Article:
Picture this: summertime has arrived and that can only mean one thing. Beach days, barbecues, and long walks with your furry friend. It’s hot outside and you want to get out of the house so you grab the leash and start toward the front door. You glance at the clock on the wall and realize it’s the middle of the day – the temperature outside is at a high. You look down at your furry friend as your hand pauses on the doorknob.
Now Let’s Talk Hot Weather Risks
Summer is here, and so is the heat! That means easy days lounging by the pool, but it also means more risks for your pet. There are a few significant risks your pet faces when the days become hotter and the temperature rises. Burned paws, heatstroke, and dehydration are the most common. You’re likely aware of all of these, but maybe not just how much of a potential danger they pose during hotter months.
Have you ever walked across the pavement on a hot day and had to sprint like you’ve never sprinted before because it burned your feet? When it’s extra hot outside, the pavement can burn and blister the pads of your pet’s feet and cause them immense pain. If it’s 77° outside, asphalt can be up to 125° in direct sunlight. To see if the street temperature is safe, put the back of your hand against the pavement and if you can’t keep it there for five seconds, it’s too hot for your pet. If taking them out is necessary, use dog booties or dog paw wax to help keep the sensitive pads of their feet safe. You know your pet the best. If you think they’re uncomfortable or in pain, bring them inside immediately. Tricks aside, the best rule of thumb is that if it’s too hot for you, it’s too hot for them.
Often caused by human error, heatstroke causes your pet’s body temperature to rise, which can lead to organ failure. The most susceptible to heatstroke are those that are elderly, overweight, or those with heart or lung disease. You’ve probably heard stories on the news of people leaving their pets in a hot car. But what you may not know is just how dangerous that situation is. If it’s 70° outside and the sign is shining, the temperature inside the car will reach 104° within just thirty minutes. After an hour, it can reach 113°. Having the window down does little to nothing to ease the temperature inside the car.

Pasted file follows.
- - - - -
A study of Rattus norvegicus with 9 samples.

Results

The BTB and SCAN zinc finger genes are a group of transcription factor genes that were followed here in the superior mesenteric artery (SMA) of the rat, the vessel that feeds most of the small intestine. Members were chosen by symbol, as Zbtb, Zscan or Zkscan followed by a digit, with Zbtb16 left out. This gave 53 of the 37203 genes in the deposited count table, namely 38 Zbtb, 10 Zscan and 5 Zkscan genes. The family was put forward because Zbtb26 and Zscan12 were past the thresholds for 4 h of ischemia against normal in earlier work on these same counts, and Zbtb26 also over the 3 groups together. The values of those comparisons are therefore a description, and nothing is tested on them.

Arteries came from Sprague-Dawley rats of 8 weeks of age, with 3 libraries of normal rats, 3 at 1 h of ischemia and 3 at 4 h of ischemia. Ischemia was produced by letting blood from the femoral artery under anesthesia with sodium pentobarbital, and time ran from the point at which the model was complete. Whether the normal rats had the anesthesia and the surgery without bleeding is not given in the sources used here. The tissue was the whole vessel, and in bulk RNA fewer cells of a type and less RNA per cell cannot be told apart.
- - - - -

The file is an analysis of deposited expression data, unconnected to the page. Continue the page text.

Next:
Though not sensationalized like being left in a hot car, being outside, even in your backyard or on long walks can be just as deadly if it’s hot enough. But heatstroke can be avoided by following these easy steps. Limit exercise on hot days – the best time to be outside is either early morning or late evening when the temperature drops. Pets with white-colored ears need extra precautionary care because they are more susceptible to skin cancer; pets with shorter snouts are more susceptible to breathing problems. If being out during the day is unavoidable, have your pet walk on grass if at all possible. Providing shade is key – tree shade and tarps are optimal because they don’t obstruct airflow. Dog houses are actually a bad idea during the summer because their closed spaces obstruct airflow, effectively making things worse. If it’s extra hot, add ice cubes to your pet’s water bowl. You can make DIY popsicles with peanut butter, or provide cooling mats or bandanas to help keep your pet comfortable. It’s important to note that you shouldn’t shave your dog. You’d think doing so would keep them cool, but it actually has the opposite effect. The layers of their coats protect them from sunburn as well as overheating. It’s also a good idea to brush your cat more often than normal as it can prevent problems caused by excessive heat.
Always make sure your pet has access to fresh, cool water so they don’t become dehydrated.
Without continual access to fresh water, your pet is at risk to become dehydrated. When this happens, blood becomes very thick because the heart is forced to work extra hard in order to pump enough blood to organs throughout the body. Left untreated, dehydration can lead to circulatory shock and organ failure.
If you think your pet is suffering from any of these things, bring them in immediately. Their well-being is the priority, both yours and ours.
Now picture this: you take your hand off the doorknob and look to your pet. “Let’s stay inside today”, you say as you hang the leash back up. Your furry friend’s tail wags as you turn together and walk back into the depths of the air conditioning, safe for another day.